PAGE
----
I admit it: I’m both lazy and forgetful.
So while I sometimes manage to track useful health markers (like, for example, heart-rate variability each morning with the excellent HRV4Training app, to monitor over-training), I also often end up going for days and weeks ignoring them completely.
That’s why I’m particularly enthused about any app that works regardless of whether my brain is engaged, like AutoSleep for Apple Watch and iPhone.
Unlike other Apple Watch sleep trackers, this one doesn’t require me to actively tell it when I go to sleep and wake up, yet it’s surprisingly accurate nonetheless. Even better, as I only wear my watch to bed some nights, it still works even when the watch is on the charger. Sure, those nights don’t include sleep quality (which the app derives from heart rate and restlessness data from the watch), but it still accurately clocks start and stop times from when I plug in and unlock my phone (something that, shamefully enough, tends to be my last and first actions of the day). And it even correctly subtracts time for early morning pee breaks, as I (like, I think, most people) briefly turn on the screen of my phone when I get up in the middle of the night to see what time it is.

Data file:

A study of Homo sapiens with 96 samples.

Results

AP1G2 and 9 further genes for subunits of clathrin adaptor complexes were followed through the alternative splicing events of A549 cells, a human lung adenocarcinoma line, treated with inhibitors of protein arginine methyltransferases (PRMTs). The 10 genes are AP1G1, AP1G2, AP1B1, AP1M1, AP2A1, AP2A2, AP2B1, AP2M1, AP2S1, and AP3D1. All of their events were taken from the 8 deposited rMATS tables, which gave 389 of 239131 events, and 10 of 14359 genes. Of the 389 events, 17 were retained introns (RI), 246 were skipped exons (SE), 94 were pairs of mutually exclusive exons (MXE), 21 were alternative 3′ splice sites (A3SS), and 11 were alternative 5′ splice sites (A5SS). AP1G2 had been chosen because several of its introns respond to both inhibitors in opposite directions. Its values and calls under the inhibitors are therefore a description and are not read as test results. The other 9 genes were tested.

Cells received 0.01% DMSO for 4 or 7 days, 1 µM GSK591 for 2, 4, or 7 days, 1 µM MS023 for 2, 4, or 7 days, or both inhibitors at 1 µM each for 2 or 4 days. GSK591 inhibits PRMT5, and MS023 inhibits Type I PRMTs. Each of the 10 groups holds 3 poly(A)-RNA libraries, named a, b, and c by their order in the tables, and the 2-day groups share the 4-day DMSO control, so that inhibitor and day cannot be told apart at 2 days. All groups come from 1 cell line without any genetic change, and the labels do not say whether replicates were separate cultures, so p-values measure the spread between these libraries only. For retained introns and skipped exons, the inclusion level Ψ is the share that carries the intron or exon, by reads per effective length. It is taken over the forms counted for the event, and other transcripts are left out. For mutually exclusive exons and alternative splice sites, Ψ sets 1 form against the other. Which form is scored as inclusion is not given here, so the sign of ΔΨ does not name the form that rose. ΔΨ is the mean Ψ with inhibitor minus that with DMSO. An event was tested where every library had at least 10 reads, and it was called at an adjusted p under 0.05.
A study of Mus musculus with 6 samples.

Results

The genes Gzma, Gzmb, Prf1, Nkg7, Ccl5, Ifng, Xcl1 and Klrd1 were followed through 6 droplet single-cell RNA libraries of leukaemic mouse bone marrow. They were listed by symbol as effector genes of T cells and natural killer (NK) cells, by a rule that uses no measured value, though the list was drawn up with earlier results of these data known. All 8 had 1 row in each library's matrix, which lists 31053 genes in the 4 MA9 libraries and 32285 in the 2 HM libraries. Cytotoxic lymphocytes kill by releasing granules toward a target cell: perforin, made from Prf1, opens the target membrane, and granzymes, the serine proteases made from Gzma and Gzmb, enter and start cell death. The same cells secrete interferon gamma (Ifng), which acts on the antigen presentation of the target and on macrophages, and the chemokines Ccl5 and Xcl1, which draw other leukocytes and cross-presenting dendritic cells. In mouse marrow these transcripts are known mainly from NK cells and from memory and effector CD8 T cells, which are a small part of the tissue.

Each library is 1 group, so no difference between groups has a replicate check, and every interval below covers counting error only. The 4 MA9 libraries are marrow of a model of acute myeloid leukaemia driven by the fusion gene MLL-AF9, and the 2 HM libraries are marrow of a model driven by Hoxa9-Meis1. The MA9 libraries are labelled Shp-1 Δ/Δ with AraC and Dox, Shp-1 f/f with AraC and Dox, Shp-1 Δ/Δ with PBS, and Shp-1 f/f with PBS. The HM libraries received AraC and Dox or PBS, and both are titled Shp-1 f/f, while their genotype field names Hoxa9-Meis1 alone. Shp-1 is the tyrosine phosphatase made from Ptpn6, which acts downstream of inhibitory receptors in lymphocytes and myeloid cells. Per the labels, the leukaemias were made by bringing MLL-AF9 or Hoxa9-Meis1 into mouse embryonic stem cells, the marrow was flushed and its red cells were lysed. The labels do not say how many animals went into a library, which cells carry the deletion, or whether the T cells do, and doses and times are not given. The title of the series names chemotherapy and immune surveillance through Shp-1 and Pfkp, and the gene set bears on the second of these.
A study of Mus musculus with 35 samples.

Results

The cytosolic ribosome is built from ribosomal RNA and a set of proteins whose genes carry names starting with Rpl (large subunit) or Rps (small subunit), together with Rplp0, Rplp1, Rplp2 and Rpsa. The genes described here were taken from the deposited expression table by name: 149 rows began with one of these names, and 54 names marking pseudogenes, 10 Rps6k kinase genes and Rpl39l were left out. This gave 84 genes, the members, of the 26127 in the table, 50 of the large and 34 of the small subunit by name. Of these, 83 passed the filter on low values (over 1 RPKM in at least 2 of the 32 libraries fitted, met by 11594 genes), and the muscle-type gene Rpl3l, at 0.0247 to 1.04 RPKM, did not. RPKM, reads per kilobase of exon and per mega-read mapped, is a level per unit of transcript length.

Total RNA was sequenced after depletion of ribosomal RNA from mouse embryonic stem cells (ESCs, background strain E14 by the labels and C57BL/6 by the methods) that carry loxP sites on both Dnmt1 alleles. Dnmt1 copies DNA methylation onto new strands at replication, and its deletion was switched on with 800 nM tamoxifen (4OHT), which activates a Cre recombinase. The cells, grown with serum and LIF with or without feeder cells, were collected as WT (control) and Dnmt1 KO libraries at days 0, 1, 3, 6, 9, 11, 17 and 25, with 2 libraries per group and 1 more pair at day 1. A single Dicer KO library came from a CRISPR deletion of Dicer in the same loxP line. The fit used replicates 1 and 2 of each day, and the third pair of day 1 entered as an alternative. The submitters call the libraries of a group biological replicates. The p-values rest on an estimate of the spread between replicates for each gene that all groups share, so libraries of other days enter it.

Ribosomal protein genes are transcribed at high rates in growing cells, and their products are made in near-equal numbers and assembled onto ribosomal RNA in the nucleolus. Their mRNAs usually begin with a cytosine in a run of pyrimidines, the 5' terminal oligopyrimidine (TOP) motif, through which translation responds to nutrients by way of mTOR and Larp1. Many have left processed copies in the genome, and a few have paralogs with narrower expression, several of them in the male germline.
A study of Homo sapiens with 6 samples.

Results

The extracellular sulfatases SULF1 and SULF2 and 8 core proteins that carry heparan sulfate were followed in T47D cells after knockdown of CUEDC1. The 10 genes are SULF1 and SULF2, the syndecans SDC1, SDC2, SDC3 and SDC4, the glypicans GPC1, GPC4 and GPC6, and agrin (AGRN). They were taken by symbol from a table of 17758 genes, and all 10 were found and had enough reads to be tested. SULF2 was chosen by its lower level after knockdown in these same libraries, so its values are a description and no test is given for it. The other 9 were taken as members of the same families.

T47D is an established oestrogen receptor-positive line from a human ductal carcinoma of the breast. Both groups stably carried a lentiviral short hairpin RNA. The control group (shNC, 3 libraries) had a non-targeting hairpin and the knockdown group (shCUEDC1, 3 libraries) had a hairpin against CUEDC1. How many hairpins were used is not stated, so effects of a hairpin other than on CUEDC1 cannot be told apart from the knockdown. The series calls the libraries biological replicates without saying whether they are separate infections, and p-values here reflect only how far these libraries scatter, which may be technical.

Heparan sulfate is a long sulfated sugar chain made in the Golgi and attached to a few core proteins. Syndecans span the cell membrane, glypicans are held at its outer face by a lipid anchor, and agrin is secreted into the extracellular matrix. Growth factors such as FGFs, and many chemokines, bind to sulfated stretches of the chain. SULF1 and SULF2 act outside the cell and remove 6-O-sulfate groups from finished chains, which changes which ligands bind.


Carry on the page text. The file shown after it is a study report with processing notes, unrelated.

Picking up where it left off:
If my trailing average sleep duration closes in on eight hours nightly, I’m well-poised to hit PRs; whereas, if I’m averaging under seven hours (or, worse, six), I’m lucky to get through my workouts at all (and, frankly, equally lucky to just get through the day). When I keep track of that number in my head, I find I overly weight the prior night (or two), and can barely remember how much I slept on any nights even a day or two further back. AutoSleep’s home page serves as a far more reliable reference.
Knowing when to push myself – and when not to – has been key to keeping me training productively and injury-free for long stretches. If you think it might be for you, too, download AutoSleep; it’s well worth the $2.99 cost.